Our Find of the Week this week is a truck that seemed absurd when new. A monster off-roader from a company that, though it made its name building tractors, should maybe have stuck to cars. But today, its monster V12, absurd tough looks, and off-road capability almost seem ahead of their time. Like the company knew something the rest of us would take 30 years to figure out, and then embrace. It's a Lamborghini LM002. The Rambo Lambo.

The story of the LM002 starts in 1977. After a worldwide economic downturn, Lamborghini's supercar sales had largely dried up. In an attempt to diversify the company, they built a prototype military vehicle, part of a competition to replace the Jeep with something a little more substantial. Called the Cheetah, the prototype used a Chrysler V8 mounted in the rear. It never actually made it to military testing, and only the one prototype was built.

One bankruptcy later, the company tried again. The LM001 was basically a Cheetah again, but with a different, AMC-sourced V8. That didn't fare much better when it was revealed in 1981. Turns out that putting the engine in the rear of a military off-roader wasn't great for handling. The design was also largely a copy of a Ford design, who threatened legal action against Lamborghini and US partner MTI.

Third time's the charm, right? They took the Cheetah and moved the engine to the front – where it should be if you want to seat four people. And since it wasn't headed to a US military test competition, there was no need for a US V8. What engine did they pick? You had best believe they took one out of the Lambo parts bin. A 4.8L V12, borrowed from the Countach.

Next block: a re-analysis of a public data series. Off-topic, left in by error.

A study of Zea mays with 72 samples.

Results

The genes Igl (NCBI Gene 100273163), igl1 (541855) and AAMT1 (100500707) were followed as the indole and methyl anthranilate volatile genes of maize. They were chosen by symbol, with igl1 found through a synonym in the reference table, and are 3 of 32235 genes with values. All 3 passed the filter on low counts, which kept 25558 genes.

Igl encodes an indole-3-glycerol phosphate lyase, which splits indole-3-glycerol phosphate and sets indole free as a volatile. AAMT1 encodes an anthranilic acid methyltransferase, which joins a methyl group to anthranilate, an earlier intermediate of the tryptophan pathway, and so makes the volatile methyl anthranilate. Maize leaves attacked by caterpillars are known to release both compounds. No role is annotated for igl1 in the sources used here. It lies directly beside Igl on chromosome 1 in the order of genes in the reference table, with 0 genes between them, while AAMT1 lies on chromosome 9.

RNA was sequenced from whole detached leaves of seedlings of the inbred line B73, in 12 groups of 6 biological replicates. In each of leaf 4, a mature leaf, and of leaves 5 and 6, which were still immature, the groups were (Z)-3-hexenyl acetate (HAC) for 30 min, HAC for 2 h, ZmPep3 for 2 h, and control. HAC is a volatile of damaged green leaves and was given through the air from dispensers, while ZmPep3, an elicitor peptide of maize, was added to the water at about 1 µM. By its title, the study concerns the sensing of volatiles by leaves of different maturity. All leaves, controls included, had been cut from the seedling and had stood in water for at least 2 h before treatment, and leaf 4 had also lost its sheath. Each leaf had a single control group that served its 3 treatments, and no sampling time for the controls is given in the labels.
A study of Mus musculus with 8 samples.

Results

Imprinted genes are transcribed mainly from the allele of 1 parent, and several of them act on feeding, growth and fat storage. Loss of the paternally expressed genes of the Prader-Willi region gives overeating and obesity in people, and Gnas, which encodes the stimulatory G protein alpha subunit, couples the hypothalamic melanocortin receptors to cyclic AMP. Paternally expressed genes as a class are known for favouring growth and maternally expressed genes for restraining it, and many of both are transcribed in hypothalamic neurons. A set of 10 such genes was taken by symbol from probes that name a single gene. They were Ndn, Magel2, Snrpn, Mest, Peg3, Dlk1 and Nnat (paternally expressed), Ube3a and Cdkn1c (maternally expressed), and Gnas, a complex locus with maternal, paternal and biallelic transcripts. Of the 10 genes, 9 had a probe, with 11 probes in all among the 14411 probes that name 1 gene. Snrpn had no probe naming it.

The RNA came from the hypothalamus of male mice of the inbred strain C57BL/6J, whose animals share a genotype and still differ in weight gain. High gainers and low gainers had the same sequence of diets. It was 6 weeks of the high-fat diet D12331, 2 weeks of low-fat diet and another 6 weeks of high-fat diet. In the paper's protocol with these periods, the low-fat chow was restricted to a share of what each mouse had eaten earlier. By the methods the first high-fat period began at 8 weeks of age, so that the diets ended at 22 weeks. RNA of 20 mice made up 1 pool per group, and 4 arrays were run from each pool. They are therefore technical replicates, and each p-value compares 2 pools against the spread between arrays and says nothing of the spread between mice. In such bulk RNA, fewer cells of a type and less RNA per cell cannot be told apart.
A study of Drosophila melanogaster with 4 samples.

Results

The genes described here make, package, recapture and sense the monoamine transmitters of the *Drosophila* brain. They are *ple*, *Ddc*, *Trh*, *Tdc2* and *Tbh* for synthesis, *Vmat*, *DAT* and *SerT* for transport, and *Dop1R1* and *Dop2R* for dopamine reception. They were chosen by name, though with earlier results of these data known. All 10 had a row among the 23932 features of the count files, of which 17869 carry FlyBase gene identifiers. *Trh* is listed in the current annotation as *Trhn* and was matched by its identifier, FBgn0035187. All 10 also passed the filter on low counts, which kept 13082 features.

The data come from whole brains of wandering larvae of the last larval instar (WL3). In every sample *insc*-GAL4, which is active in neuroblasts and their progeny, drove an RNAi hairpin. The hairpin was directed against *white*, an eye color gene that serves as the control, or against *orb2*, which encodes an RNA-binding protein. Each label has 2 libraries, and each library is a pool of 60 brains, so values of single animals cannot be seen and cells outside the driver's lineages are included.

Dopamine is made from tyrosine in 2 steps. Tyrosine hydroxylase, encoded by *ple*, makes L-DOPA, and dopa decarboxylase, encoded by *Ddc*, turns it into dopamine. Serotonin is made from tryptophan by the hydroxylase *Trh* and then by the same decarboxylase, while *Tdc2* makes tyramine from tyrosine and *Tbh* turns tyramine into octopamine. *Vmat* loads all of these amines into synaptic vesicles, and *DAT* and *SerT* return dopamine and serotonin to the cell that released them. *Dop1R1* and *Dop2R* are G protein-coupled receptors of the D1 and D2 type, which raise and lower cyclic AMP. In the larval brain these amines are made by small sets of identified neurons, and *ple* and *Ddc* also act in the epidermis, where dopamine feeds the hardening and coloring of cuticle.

In 1986, the production model made its debut at the Brussels Auto Show. The V12 had been expanded and was now 5.2L. It put out 450 hp and let the massively heavy LM002 hit 100 km/h in around seven seconds.

While the engine was exotic, the off-road origins meant that this was a surprisingly capable SUV. Three locking differentials for the all-wheel drive system, and a proper transfer case. Special Pirelli tires were run-flat and could float on sand. To a certain extent. It still weighs more than 3,000 kg. It was also extremely luxurious inside, with leather on just about every surface and wood on the rest.

It offered a 169 L fuel tank to feed that massive engine, but what it didn't have was an enclosed cargo area. Drive it hard, and that tank can be emptied with an almost disturbing speed. Expect 30 L/100 km. Or worse. But that's missing the point of this thing.

It was one of the most powerful vehicles you could buy in 1986. But, not surprisingly, it was priced accordingly. In 1988, this was a US $120,000 SUV. That's about four times the price of a Chevrolet Corvette the same year. Or 1.5 times the price of a new Range Rover. But when it came to exclusivity and boldness, nothing could come close.

Just over 300 of the vehicles were produced, so this is an exceedingly rare vehicle. While some were actually sold and used for military service, most went to the rich and famous. This was definitely a style statement at the time. And still is today.

This one, for sale in Gatineau, PQ, might not be a bright red example, but this more restrained beige seems to better suit the LM002's lines. With just 2,252 km on the odometer, it doesn't seem to have been driven much. Which is pretty typical for these SUVs. It's as much about having it as it is about actually driving it.

When new, Lamborghini offered both sand-only tires and a set of tires that was more suited to pavement. The seller says this one has the sand tires. The less commonly picked option.

If you want to go out and show the Urus who's boss, this might be one of the best ways to do it. Arnold may be forever linked with the Hummer, but this one is the Stallone option. And definitely the cooler option.